A new season kicks off this Thursday for our Washington Wizards and I have just one question to ask?
Where is the enthusiasm?
Trust me, I understand completely.
This collective apathy is a team-inflicted wound that the fans have had to endure and are showing their collective displeasure by completely not caring about this team anymore, it seems.
And it is kinda sad.
General Manager Ernie Grunfeld basically mortgaged the future of current fandom with the promises of a huge splash in free agency about three seasons ago, notably DC’s own Kevin Durant as the main target. With the influx of new money with the new TV deal (which subsequently allowed for higher team salary caps), all of the league’s teams were going to be awash with a lot of cash, not just the Wizards.
So instead of the team landing a top-tier free agent such as Durant or Al Horford for example, the team decided to spend their money by doubling up on the center position paying Ian Mahinmi a four-year $64 million dollar deal and grabbing lesser talents in Andrew Nicholson and Jason Smith and Trey Burke to fill out the roster. Not exactly the splashy, franchise altering maneuvers we all expected and waited for although I am ECSTATIC to finally have 2012 draft pick Tomas Satoransky on the roster.
The team also re-signed the oft-injured but talented Bradley Beal to a five-year $128 million dollar maximum salary contract. Most league observers chuckled at the deal considering his lack of production whether it’s been injury related or not living up to lofty expectations but the team was in a no-win situation. You simply cannot just let a 25 year old shooting guard with Beal’s ability leave without receiving anything in return. . All one can hope is that he finds some way to stay reasonably healthy for the duration of the season. If he does that, he will find himself once again mentioned in the ranks of the better young perimeter players in the game today.
Last seasons bitter disappointment just rubbed a lot of people the wrong way. Finishing out of the playoffs in the perennially weaker Eastern Conference was unacceptable and it cost former coach Randy Wittman his job. He was replaced former Oklahoma City Thunder coach Scott Brooks, who was relieved of his duties the year prior. Brooks isn’t highly regarded by media pundits for being particularly innovative in any form of fashion yet he should be a marked improvement from the archaic teachings of Mr. Wittman. For everything Wittman brought to the team when he took over – professionalism, an emphasis on defense – the team’s offensive playbook was just a joke. The offense basically was “Hey, let John Wall try to create everything and let the chips fall where they may.” If you look at the better teams in the league, they have elaborate sets on offense that creates easier attempts for their best players in their most optimal positions to score. Add to that the awful rosters that have been constructed by Grunfeld in his tenure, it just feels like the Wizards have wasted Wall’s early prime and that is beyond sad.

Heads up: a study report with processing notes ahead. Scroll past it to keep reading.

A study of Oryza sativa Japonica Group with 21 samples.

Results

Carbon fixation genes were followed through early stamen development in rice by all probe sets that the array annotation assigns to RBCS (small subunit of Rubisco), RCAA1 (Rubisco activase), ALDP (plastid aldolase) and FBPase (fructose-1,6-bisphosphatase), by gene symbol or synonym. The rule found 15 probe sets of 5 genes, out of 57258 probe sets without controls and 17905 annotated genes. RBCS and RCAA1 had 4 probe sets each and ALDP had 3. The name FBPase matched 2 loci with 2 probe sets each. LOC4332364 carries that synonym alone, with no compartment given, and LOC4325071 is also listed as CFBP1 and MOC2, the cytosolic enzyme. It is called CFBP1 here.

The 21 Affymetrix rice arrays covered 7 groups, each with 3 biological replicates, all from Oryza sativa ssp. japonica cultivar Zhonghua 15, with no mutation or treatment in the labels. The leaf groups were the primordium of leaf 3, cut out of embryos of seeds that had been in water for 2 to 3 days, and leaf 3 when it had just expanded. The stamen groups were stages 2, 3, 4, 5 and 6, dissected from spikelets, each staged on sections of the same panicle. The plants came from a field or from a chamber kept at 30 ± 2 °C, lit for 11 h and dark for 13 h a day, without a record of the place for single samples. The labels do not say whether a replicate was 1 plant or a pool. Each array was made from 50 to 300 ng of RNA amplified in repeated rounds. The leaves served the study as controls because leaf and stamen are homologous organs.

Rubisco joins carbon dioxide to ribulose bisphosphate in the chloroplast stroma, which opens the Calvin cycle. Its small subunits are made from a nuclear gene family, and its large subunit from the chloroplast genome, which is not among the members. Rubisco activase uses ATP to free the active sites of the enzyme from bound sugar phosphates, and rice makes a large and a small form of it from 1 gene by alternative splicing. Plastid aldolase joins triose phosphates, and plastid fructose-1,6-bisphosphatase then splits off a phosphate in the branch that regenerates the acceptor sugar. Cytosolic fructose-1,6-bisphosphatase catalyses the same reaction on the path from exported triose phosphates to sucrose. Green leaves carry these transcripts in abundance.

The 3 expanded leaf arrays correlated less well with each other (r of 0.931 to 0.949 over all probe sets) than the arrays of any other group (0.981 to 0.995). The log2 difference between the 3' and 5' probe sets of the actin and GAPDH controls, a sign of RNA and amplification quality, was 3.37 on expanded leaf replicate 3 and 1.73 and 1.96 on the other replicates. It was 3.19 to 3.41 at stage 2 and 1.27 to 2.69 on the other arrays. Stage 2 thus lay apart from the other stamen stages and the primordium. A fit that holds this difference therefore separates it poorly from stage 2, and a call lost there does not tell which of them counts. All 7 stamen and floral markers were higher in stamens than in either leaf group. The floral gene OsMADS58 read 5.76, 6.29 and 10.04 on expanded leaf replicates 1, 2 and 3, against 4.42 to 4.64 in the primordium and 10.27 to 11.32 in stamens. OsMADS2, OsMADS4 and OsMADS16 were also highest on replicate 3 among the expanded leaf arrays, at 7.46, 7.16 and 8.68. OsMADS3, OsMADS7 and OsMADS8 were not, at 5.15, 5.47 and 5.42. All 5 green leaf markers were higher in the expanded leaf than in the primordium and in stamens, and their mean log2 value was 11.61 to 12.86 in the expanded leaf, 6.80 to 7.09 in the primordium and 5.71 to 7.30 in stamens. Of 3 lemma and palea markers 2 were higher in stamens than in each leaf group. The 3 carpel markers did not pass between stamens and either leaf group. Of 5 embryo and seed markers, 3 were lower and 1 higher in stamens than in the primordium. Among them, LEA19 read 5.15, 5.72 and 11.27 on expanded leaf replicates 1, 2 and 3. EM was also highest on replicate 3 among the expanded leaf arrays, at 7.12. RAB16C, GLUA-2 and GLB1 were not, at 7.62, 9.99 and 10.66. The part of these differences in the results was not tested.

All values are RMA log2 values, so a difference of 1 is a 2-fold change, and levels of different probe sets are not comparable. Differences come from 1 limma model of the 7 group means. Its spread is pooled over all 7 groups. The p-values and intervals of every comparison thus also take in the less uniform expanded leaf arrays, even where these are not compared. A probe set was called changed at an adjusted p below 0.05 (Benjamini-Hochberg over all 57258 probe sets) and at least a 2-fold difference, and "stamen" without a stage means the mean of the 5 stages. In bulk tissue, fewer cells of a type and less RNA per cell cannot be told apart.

There have been grumblings that Wall is indeed unhappy with the direction of the team and he should feel exactly that. This team will again be a fringe playoff team with absolutely zero shot of competing for a NBA title unless there is some serious growth from the young talents and an overall talent infusion. Expect starting center Marcin Gortat to end up on the trading block either around the trade deadline or in the off-season. You just don’t pay $64 million for a backup center no matter how much cap room you’re blessed with.
So yes, I totally get it. The team had a very disappointing season last year and nothing happened this summer to make us feel any better about the upcoming season.
But that doesn’t mean it can’t happen.
Who am I kidding…this is Washington DC sports we’re talking about.
Prove us wrong for a change and maybe, just maybe, we can feel better about the team.